OBJECTIVE

One of the principles of the surgical treatment of craniosynostosis includes the release of fused bone plates to prevent recurrence. Such bone defects require a reossification process after surgery to prevent a cosmetic problem or brain vulnerability to damage. The objective of this study is to describe and analyze the radiological and clinical evolution of bone defects after craniosynostosis.

METHODS

From January 2005 to May 2016, 248 infants underwent surgical correction of craniosynostosis at HUiP La Fe Valencia; the authors analyzed data from 216 of these cases that met the inclusion criteria for this study. Various surgical techniques were used according to the age of the patient and severity of the case, including endoscopic-assisted suturectomy, open suturectomy, fronto-orbital advancement, and cranial vault remodeling. Clinical follow-up and radiological quantitative measurements in 2 periods—12–24 months and 2 years after surgery—were analyzed; 94 patients had a postoperative CT scan and were included in the radiological analysis.

RESULTS

At the end of the follow-up period, 92 of 216 patients (42.59%) showed complete closure of the bone defect, 112 patients (51.85%) had minor bone defects, and 12 patients (5.56%) had significant bone defects that required surgical intervention. In the multivariate analysis, age at first surgery was not significantly associated with incomplete reossification (p = 0.15), nor was surgical site infection (p = 0.75). Multivariate analysis identified area of cranial defect greater than 5 cm2 in the first CT scan as predictive of incomplete reossification (p = 0.04). The mean area of cranial defect in the first CT scan (12–24 months after surgery) was 3.69 cm2 in patients treated with open surgery and 7.13 cm2 in those treated with endoscopic-assisted procedures; in the multivariate analysis, type of procedure was not related to incomplete reossification (p = 0.46). The positive predictive value of palpation as evaluation of bone cranial defects was 50% for significant defects and 71% for minor defects.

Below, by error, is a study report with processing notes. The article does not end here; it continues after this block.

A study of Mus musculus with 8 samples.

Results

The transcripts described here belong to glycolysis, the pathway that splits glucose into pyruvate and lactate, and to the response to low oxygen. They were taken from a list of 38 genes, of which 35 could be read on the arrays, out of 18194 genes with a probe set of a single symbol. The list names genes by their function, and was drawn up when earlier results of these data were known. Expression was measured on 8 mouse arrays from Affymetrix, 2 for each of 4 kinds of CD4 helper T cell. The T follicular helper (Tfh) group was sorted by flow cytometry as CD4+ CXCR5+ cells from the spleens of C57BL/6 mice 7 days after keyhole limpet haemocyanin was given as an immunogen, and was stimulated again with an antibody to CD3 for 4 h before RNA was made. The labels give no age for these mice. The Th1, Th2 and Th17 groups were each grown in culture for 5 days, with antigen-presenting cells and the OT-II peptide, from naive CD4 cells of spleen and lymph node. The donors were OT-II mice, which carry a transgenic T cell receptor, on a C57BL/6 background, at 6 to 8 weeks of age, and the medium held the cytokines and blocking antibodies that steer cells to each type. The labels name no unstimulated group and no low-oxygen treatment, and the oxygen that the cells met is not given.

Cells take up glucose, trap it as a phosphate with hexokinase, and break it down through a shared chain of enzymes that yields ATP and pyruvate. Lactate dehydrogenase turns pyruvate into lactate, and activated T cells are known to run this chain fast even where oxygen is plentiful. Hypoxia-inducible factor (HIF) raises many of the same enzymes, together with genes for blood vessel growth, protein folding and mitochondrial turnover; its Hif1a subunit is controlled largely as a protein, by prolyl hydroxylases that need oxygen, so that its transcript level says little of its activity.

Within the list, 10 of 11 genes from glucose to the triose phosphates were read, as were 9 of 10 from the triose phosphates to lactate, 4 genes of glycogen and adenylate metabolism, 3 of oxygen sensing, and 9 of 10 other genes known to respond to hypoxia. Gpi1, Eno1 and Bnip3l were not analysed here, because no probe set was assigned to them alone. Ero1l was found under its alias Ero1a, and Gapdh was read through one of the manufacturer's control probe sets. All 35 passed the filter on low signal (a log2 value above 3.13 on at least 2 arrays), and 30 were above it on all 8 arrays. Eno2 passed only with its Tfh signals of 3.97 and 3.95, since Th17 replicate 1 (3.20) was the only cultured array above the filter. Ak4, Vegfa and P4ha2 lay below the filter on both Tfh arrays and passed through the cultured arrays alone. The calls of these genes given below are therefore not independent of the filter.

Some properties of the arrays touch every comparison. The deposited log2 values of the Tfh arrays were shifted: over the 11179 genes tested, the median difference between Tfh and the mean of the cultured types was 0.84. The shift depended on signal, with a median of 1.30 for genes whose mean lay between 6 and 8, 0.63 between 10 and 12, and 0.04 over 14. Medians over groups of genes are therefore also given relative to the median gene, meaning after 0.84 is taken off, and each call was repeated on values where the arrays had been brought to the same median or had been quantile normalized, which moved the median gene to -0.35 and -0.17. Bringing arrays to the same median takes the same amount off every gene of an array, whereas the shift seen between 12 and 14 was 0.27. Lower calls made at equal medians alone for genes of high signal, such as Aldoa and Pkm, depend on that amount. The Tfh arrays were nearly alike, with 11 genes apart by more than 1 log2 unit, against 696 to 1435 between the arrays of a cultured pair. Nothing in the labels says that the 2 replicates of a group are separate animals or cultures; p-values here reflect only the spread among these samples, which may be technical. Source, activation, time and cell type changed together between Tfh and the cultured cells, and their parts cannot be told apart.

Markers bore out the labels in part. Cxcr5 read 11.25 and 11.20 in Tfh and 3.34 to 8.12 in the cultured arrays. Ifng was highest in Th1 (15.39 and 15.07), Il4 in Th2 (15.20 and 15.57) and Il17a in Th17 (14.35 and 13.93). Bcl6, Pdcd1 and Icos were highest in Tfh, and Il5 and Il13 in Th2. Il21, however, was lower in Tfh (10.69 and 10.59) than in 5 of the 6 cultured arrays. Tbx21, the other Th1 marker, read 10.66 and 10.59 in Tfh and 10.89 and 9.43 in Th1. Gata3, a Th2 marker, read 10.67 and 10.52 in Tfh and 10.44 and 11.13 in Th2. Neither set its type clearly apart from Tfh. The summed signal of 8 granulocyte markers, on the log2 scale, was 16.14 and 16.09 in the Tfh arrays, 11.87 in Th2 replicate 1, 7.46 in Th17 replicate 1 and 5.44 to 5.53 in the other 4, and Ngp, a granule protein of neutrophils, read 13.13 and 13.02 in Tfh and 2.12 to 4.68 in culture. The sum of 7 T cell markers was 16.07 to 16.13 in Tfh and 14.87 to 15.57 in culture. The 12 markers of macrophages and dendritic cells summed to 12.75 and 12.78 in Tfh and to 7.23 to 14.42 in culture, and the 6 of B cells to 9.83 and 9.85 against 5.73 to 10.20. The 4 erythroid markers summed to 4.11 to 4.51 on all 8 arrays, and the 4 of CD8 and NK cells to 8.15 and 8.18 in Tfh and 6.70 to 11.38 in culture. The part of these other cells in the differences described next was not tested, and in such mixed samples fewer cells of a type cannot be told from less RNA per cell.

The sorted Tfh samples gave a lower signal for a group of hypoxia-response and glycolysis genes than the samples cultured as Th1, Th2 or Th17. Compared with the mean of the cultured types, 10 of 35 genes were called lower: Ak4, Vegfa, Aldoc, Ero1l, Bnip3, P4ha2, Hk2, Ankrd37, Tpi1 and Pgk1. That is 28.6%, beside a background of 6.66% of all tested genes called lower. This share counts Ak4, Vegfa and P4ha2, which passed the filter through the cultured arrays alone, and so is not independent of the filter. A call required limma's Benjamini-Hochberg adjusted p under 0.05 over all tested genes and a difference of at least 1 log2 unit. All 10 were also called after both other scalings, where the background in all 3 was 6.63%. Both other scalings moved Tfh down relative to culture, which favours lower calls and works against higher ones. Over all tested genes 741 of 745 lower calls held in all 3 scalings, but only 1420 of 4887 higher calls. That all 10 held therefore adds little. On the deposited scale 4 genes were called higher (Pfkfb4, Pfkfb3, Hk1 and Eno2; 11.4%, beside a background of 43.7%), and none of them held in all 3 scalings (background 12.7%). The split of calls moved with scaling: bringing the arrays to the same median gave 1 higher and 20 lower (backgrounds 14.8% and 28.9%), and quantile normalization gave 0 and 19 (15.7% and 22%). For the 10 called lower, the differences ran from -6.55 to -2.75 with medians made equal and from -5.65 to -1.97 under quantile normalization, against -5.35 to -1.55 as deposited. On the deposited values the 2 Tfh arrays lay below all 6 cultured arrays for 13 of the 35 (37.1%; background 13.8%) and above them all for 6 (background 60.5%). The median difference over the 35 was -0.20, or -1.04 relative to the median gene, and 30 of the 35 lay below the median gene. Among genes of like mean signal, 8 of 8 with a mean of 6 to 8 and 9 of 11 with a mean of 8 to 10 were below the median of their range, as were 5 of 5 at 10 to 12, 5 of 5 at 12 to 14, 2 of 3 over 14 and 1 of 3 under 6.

CONCLUSIONS

The incidence of cranial defects due to incomplete reossification requiring cranioplasty was 5.56% in our series. Defects greater than 5 cm2 in the first postoperative CT scan showed a positive association with incomplete reossification. Patients treated with endoscope-assisted procedures had larger defects in the initial follow-up, but the final incidence of cranial defects was not significantly different in the endoscope-assisted surgery group from that in the open surgery group.


Presented at the 2020 AANS/CNS Joint Section on Disorders of the Spine and Peripheral Nerves

Christine Park, Elizabeth P. Howell, Vikram A. Mehta, Luis Ramirez, Meghan J. Price, Scott R. Floyd, John P. Kirkpatrick, Jordan Torok, Muhammad M. Abd-El-Barr, Isaac O. Karikari, and C. Rory Goodwin

OBJECTIVE

Stereotactic body radiation therapy (SBRT) offers efficient, noninvasive treatment of spinal neoplasms. Single-fraction (SF) high-dose SBRT has a relatively narrow therapeutic window, while hypofractionated delivery of SBRT may have an improved safety profile with similar efficacy. Because the optimal approach of delivery is unknown, the authors examined whether hypofractionated SBRT improves pain and/or functional outcomes and results in better tumor control compared with SF-SBRT.

METHODS

This is a single-institution retrospective study of adult patients with spinal metastases treated with SF- or three-fraction (3F) SBRT from 2008 to 2019. Demographics and baseline characteristics, radiographic data, and posttreatment outcomes at a minimum follow-up of 3 months are reported.

RESULTS

Of the 156 patients included in the study, 70 (44.9%) underwent SF-SBRT (median total dose 1700 cGy) and 86 (55.1%) underwent 3F-SBRT (median total dose 2100 cGy). At baseline, a higher proportion of patients in the 3F-SBRT group had a worse baseline profile, including severity of pain (p < 0.05), average use of pain medication (p < 0.001), and functional scores (p < 0.05) compared with the SF-SBRT cohort. At the 3-month follow-up, the 3F-SBRT cohort experienced a greater frequency of improvement in pain compared with the SF-SBRT group (p < 0.05). Furthermore, patients treated with 3F-SBRT demonstrated a higher frequency of improved Karnofsky Performance Scale (KPS) scores (p < 0.05) compared with those treated with SF-SBRT, with no significant difference in the frequency of improvement in modified Rankin Scale scores. Local tumor control did not differ significantly between the two cohorts.

CONCLUSIONS

Patients who received spinal 3F-SBRT more frequently achieved significant pain relief and an increased frequency of improvement in KPS compared with those treated with SF-SBRT. Local tumor control was similar in the two groups. Future work is needed to establish the relationship between fractionation schedule and clinical outcomes.